As reported in October, researchers at UNCW have developed a method to test biosolids for the presence of per-fluorinated compounds. Biosolids are highly treated by-products of the wastewater treatment process that must be treated, and disposed of, according to rules set by the Environmental Protection Agency.
After discovering that GenX was present in at least one sample of biosolids, CFPUA began searching for a private lab that could quantify the concentrations of perfluorinated compounds in samples from our treatment plants. In October, CFPUA sent samples to GEL laboratory and, last week, we received our first set of results.
Biosolids are dry, nutrient-rich materials produced by wastewater treatment facilities. Therefore, the unit of measurement used to quantify levels of GenX and other perfluorinated compounds in biosolids (nanograms per gram) differs from the unit used to measure those compounds in water (nanograms per liter).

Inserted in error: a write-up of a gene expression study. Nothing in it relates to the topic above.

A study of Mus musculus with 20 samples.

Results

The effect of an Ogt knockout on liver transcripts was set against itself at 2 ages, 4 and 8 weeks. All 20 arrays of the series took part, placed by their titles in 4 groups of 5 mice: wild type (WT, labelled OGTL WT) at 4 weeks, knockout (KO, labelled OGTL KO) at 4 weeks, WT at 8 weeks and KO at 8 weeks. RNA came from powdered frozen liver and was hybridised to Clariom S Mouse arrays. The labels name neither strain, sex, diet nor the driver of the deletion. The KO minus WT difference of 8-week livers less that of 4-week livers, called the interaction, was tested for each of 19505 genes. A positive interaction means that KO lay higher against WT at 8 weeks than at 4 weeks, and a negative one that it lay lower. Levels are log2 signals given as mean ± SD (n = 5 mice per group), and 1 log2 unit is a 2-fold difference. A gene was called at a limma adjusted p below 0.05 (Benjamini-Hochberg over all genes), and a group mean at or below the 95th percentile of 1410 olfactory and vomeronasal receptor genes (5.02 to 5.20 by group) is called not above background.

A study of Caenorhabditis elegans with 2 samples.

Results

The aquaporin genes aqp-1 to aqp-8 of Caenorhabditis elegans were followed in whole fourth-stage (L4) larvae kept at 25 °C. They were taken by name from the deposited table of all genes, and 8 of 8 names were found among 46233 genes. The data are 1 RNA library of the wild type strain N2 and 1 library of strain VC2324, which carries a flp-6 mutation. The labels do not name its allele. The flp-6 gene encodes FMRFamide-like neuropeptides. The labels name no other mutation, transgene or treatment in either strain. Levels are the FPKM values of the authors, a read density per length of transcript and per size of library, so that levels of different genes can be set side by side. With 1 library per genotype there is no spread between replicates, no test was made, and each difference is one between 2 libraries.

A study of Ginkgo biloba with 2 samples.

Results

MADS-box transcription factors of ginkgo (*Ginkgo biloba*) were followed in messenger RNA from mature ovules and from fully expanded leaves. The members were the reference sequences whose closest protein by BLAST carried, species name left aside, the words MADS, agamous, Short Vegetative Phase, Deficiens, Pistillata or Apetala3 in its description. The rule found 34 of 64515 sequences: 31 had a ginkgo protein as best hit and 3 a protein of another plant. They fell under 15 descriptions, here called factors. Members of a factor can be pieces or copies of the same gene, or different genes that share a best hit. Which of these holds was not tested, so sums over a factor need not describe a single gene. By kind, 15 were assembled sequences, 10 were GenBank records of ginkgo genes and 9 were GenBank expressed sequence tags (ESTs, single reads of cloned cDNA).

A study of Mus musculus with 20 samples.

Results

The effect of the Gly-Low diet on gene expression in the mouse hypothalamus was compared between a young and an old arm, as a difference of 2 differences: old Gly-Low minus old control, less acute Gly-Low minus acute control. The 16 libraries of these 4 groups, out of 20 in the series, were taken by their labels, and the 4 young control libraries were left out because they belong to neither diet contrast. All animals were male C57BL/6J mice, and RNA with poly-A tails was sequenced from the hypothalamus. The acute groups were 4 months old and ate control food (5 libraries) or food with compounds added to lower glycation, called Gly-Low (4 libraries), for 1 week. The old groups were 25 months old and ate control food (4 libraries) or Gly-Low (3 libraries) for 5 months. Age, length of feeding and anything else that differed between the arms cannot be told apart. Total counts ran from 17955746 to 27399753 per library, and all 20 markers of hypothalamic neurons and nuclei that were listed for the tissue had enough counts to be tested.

The average concentration of GenX in all our samples was 0.1 nanograms per gram. This would approximately be equal to one grain of table salt into 30 bags of top soil purchased from a home improvement store.
Biosolids may be disposed of in three different ways: incineration, surface disposal (in a landfill for example) or through land application. CFPUA employs the land application method—applying biosolids to land in order to condition soils or fertilize crops. This standard method is used by a majority of utilities in the State of North Carolina.
CFPUA works with the company Synagro to transport biosolids produced at the wastewater treatment plants, in addition to waste produced from river sediment at the Sweeney Water Treatment Plant, to permitted sites in surrounding counties. The mixture is then applied to land for crops not produced for human consumption.
On September 15, CFPUA contacted staff at the Residuals Management division of the North Carolina Department of Environmental Quality (NCDEQ)—the organization that approves our permit to land apply biosolids. DEQ informed CFPUA staff that we are approved to continue with our current method of disposal. We will continue to communicate and work with our regulatory agencies as new results come in.